QSL: QSL Manager EI6AL

IRTS C/O David O'Connor


Accepts QSL via:
LoTW: NO
e-qsl: NO
mail QSL:YES

lookups: 56796


The Wild Atlantic Way (Irish Sl an Atlantaigh Fhiin) is a tourism route on the west coast of Ireland that runs for 2,500km (1553 miles) passing through nine Counties and three provinces. Stretching from County Donegal in the North to County Cork in the south and running through Leitrim, Sligo, Mayo, Galway. Clare, Limerick and Kerry - all on the rugged west coast of Ireland overlooking the Atlantic Ocean.

From 1st January to 31st December 2017 Irish Radio Amateurs will be on air with nine special calls - EI11WAW through to EI99WAW. Each call will be associated with one of the counties making up the Wild Atlantic Way. Each call will have its own distinctive QSL card depicting a highlight of the county linked to the call.

QSL requests via Clublog or the Buro. Requests for a Direct QSL should be made via Clublog, or direct to EI6AL enclosing $2, or 2 via paypal to payments@irts.ie.

A Certificate will be made available for download to any station that works all nine calls, any band any mode. Sample below. Apply by email to QSL manager EI6AL giving name, call and mode for all calls (Mixed/CW/SSB or digital). A certificate can be sent by post - send 5 ($5) to cover postage either direct to EI6AL or via Paypal to payments@irts.ie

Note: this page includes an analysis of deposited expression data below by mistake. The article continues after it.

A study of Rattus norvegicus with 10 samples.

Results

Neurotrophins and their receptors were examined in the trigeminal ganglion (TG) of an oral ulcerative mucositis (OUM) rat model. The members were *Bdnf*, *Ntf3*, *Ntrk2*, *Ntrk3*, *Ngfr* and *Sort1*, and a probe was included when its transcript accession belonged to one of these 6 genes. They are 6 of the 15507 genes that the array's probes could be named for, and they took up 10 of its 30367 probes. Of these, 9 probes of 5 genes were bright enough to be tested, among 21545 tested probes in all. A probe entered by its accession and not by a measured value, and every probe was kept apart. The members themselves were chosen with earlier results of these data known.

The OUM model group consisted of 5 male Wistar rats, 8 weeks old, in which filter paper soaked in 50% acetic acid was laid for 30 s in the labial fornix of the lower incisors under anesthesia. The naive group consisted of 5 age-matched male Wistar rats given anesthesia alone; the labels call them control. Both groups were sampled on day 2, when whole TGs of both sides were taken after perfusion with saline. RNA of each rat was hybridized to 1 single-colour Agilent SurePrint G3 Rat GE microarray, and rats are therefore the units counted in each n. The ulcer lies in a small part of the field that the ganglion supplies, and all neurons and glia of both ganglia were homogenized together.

The callsign EI11WAW is associated with the county of Donegal. Donegal is one of the largest Counties in Ireland and also the most isolated, bordering only one other Irish county - Leitrim. Its other borders are to Northern Ireland and to the Atlantic Ocean. As a result it has a distinct cultural identity, or to use a local phrase "Up here we are different". It contains some of the most beautiful scenery in Ireland, with three peninsulas of outstanding natural beauty - Inishowen, Fanad and Rosguill. The Wild Atlantic Way starts from the northern tip of the county at Malin Head, well known to mariners for its coastal radio station. It then sweeps down the coast past Fanad Head to the Slieve League Cliffs, passing long stretches of golden sandy beaches.

Donegal is also the home of the Carndonagh Amateur Radio Club and is the most northerly Amateur Radio Club in Ireland. It is located on the Inishowen Peninsula. In 1902 Malin Head was one of the first places where the Marconi spark transmitter was used. The Club Callsign is EI0CAR and website is www.echoireland.com.